Equal Protection of the Law Definition

A good equal protection of the law definition boils down to individual-regarding equality, which is a broad term that refers to an egalitarian society where all people are treated equally, regardless of:

  • Color
  • Race
  • Cred
  • Sexual orientation
  • Gender
  • Age

In addition, individualism is a vital concept in the United States, which is an idea that many American support and recognize. However, it’s worth recognizing that individual-regarding equality is one variation of equality, and it is an American variation. Equal protection under U.S. law entails a constitutional guarantee that no group or individual would be denied protection. Equal protection is also applied when rules of law are applied in all cases, including when individuals face exemption from duties more than those levied upon others in the same scenario.

Notion of Equality

The notion of equality and equal protection stems from the foundation of the nation. In 1776, Thomas Jefferson and other colonists proclaimed a “self-evident” truth regarding human equality. However, such meaning was never clearly stated. The situation of slavery was included into the U.S. political, social, and economic fabric of the nation, which contradicted the idea of equality. Many colonists owned slaves, including Jefferson, and firmly believed that the black race was inferior.

James Madison and other founding fathers created the Constitution, which safeguarded the slave trade and protected slave owner rights. Article One, Section Two of the Constitution designated a slave as only three-fifths of an individual when it came to congressional representation. Moreover, the slave codes allowed slave masters to sell, buy, and lease blacks and treated them as personal property.

Slaves owed masters unyielding obedience, and masters were free to do as they pleased to their slaves, including murdering them. The only factors that governed slave owner behavior included:

  • Common sense
  • Community mores
  • Individual conscience

There were few laws that protected slaves from abuse, and such laws were rarely enforced. The U.S. Supreme Court reinforced the institution of slavery in 1857, ruling that slaves were not citizens within the confines of the Constitution. The court further held that slaves were only property that did not have constitutional protections.

The Fourteenth Amendment

The Fourteenth Amendment, which was adopted after the Civil War, prohibited states from denying individuals equal protection under law. This meant that states must treat all people in the same way as others.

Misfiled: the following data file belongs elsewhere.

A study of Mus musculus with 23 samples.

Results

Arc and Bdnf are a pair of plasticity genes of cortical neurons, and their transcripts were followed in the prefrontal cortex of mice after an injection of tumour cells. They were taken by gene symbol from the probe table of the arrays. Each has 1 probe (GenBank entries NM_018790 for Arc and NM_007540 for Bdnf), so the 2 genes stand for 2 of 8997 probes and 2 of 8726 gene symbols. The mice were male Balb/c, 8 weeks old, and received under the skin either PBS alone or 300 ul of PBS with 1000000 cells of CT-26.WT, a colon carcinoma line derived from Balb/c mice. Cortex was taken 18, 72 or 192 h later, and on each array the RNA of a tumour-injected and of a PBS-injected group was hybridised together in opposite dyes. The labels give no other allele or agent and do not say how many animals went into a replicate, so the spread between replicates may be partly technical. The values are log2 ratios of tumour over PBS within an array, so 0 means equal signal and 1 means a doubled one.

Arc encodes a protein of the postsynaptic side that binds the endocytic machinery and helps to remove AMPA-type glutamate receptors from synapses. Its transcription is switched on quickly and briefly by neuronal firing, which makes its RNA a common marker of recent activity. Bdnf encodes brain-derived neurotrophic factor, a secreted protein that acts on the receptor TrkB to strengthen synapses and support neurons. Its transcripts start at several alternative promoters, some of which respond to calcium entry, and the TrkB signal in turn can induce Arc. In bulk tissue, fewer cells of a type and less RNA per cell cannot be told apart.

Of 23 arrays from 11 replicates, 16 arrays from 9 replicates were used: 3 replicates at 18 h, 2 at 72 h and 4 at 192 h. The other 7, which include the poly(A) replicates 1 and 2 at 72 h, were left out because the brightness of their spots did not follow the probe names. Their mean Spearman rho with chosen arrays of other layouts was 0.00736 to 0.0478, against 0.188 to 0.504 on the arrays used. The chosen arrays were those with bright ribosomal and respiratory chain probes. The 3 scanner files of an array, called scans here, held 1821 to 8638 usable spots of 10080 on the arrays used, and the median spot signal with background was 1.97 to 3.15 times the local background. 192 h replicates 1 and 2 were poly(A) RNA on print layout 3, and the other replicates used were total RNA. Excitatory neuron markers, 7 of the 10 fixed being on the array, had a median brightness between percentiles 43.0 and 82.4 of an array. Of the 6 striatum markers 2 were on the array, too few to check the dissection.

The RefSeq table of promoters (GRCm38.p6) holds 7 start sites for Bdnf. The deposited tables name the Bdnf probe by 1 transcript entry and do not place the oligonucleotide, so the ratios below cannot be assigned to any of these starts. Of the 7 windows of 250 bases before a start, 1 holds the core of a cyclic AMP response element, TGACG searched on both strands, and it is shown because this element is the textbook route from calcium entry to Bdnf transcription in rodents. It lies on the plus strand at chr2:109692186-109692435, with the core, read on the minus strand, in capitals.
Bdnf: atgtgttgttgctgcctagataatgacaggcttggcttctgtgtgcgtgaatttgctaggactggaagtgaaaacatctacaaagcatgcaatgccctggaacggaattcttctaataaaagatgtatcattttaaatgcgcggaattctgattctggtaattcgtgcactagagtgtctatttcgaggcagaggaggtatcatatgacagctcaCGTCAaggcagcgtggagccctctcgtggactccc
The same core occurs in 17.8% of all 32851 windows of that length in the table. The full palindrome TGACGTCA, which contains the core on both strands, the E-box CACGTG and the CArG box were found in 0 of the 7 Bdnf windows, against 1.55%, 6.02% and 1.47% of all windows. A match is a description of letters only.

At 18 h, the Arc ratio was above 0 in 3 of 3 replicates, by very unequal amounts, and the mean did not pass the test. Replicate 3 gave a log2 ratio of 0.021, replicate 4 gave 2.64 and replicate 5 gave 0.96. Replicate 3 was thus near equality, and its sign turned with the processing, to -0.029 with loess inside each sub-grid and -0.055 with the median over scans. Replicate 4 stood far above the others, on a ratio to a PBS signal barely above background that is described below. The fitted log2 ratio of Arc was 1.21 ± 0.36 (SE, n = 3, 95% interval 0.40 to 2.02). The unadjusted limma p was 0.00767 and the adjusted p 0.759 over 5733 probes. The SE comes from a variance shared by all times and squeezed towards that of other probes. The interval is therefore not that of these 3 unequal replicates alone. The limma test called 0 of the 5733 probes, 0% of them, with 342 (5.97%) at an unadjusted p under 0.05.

Private discrimination was not a violation of the Fourteenth Amendment, even though it applied in limited cases. The Equal Protection Clause within the Fourteenth Amendment appeared to offer the idea of safeguarding former slaves against discriminatory practices. During the post-Civil War era, the Supreme Court ruled that postwar amendments guaranteed the freedom of slaves and freemen from oppression of those who exerted domination over them.

Therefore, the equal protection clause was minimally applied, except for cases involving racial discrimination.

  • Example: The Fourteenth Amendment invalidated grandfather clauses and literacy tests when it came to voting rights.

The intent behind the equal protection clause was circumvented 80 years after the inclusion of the Fourteenth Amendment. It was not until Brown v. Board of Education in 1954 that the courts revised course and officially rendered segregation unconstitutional. According to Justice Earl Warren, the idea of equal protection was changed and applied to cases surrounding the following:

  • Exclusionary zoning
  • Municipal services
  • Education financing
  • Welfare benefits

Equal protection became an important source of litigation in matters dealing with the Constitution. Further, Chief Justices William H. Rehnquist and Warren E. Burger handled cases that added a list of situations that qualified under adjudication under the notion of equal protection, which included:

  • Voting
  • Abortion
  • Rights and status of immigrants
  • Court access

During the Bush v. Gore case, which stemmed from the 2000 presidential election, the Supreme Court ruled that selective ballot recounts in Florida violated the equal protection clause and preserved Bush’s narrow victory in Florida, including the electoral college. The aim of equal protection was to force states to govern in an impartial manner and not draw distinctions between persons based on differences that are not material to governmental objectives. Therefore, the equal protection clause was crucial in the safeguarding of civil rights.

To get a better grasp of an equal protection of the law definition, you can post your job on UpCounsel’s website. UpCounsel’s lawyers have graduated from the some of the best laws schools in the nation and will give you more information on equal protection and what you can do if someone violated your rights. In addition, they will provide further clarification on the inner-workings of the Constitution.